When Yelp inc (NYSE:YELP) IPO was announced, Seeking Alpha contributors scoffed at the company's future prospects. Many believed the IPO pricing was too high, that shareholders should prepare for a collapse, and that Yelp made for an attractive short. Well it has been two years and Yelp has defied the odds. Yelp ended up well above its expected $15 IPO pricing opening at $22 a share and has kept on running.
- Price/Cash Flow: 506.4
- Price/Sales: 16.58
- Price/Book: 9.45
- EV/EBITDA: 436.94
- Market Cap: $5B
- Revs TTM: $300M
But I'm not here to defend Yelp's valuation. In fact, I'm here to talk about it's competition.
I love using Yelp. But one thing that has always bothered me about the company is that I spend so much time helping a business out but get nothing in return. This was exactly the same thought process that Alex Haditaghi had when he came up with the concept of MoPals (OTCPK:PALS).
MoPals: The World's First Crowd-Sourced Loyalty Program
Don't worry if you haven't heard of MoPals. It is a tech start-up from Toronto that only recently launched its iOS loyalty and rewards platform in North America.
MoPals is a loyalty rewards application that gives members something back for their feedback and social media interactions. Members earn "MoCoins" for all the things they normally would do with social media apps like "checking-in" or "writing a review." Members also can earn rewards for making purchases online. There are many businesses that are already part of the MoPals network.
What can you get with MoCoins? Pretty much anything: clothes, gift-cards, gadgets, you can even get a Emmo GT5 Electric Scooter right now for 79,000 MoCoins or your very own MacBook Air 13.3 for 80,000 MoCoins. That's the equivalent of $100 each.
MoPals prides itself in its "Big Data-driven IQ Engine" that it believes "allows businesses to identify key consumers and their behavior, attract new customers and convert existing customers into loyal customers." MoPals expects to earn revenues from business subscriptions who wish to receive ongoing consumer data as well as taking a percentage of promotion-based sales from participating businesses"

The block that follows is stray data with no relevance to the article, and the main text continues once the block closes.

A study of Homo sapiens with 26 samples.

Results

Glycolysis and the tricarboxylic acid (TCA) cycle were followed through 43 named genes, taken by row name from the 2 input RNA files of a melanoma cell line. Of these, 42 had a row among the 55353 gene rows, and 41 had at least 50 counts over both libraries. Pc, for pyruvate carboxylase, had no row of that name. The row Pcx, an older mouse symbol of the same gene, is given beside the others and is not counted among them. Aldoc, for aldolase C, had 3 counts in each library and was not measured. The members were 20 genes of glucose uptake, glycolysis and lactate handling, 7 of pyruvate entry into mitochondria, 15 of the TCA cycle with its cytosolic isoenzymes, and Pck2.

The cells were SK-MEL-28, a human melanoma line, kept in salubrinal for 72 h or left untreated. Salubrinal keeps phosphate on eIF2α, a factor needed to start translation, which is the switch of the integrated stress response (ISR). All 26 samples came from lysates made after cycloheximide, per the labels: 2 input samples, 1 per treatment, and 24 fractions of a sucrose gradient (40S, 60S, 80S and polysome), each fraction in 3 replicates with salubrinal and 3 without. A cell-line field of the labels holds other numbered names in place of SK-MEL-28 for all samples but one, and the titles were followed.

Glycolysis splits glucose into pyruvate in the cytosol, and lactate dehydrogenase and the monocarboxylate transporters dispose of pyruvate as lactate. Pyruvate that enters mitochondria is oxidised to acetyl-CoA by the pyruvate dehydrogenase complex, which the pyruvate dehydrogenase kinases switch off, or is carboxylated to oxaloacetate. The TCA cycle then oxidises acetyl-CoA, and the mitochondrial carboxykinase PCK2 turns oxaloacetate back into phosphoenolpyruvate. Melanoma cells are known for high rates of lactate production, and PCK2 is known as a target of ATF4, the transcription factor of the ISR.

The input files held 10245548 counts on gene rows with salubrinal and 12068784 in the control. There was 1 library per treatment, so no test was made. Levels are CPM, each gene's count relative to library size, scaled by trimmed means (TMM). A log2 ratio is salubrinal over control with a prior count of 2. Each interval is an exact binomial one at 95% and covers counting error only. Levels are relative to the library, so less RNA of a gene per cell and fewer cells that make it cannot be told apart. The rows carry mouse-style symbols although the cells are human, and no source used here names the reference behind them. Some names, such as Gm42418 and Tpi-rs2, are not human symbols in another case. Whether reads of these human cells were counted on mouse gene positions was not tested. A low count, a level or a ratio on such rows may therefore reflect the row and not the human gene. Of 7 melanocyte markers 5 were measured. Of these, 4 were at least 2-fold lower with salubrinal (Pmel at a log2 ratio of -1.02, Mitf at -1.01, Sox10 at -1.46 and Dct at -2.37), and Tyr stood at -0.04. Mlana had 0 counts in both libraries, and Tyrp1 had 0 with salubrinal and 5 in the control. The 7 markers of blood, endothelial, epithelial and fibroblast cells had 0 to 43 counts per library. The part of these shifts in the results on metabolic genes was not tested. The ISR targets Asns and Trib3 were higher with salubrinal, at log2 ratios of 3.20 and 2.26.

MoPals recently received a prestigious COLLOQUY award as the "loyalty program to watch." Three other companies were presented with awards: Tesco, Bloomingdale's, and Starbucks. COLLOQUY is considered the go-to resource for "loyalty-intelligence since 1990."
MoPals is still in its early development stage and still does post revenues. MoPals 2.0 App was launched in July 2014 and does not seem to have active users. It may take months, even years, before MoPals becomes mainstream.
MoPals also trades on the OTC-Link exchange, which makes it volatile and illiquid. I took a very small position, seeing very high risk/reward prospects. Worse case scenario, it may end up just never catching on and the stock will be worthless paper. But there is the off-chance that the concept will become popular with users and grow into something big. If you add up all the reviews you've written or places you have checked-in, you might have already earned yourself a new laptop.
MoPals is still in its development stage and presents numerous risks. Nevertheless, it is a novel concept and it could become popular. Because the company is not recording revenues, it remains extremely difficult to value. It is something to keep on your radar.
Depending on the success or failure of MoPals, it also presents Yelp investors an interesting opportunity. If MoPals is able to aggressively penetrate the social media market, it might rattle Yelp's already astronomically high valuation. If MoPals' concept of essentially paying members to use its services cannot sway the Yelpers who essentially do all of the same work but for free, then the Yelp short-sellers may have to rethink their strategy. In essence, I believe MoPals will test just how solid Yelp's social media platform is. If MoPals can capture market share and even take users away from Yelp, then Yelp investors may want to kiss that $5B market cap goodbye.
The Yelp shorts may have been right all along since Yelp's concept can essentially be duplicated and improved. Should investors be concerned?
Disclosure: The author is long PALS.
The author wrote this article themselves, and it expresses their own opinions. The author is not receiving compensation for it (other than from Seeking Alpha). The author has no business relationship with any company whose stock is mentioned in this article.
Additional disclosure: The author may initiate a short position in Yelp in the next 72 hours. The information in this article should not be considered a solicitation, offer or recommendation for the purchase or sale of any securities or other financial products and services discussed herein.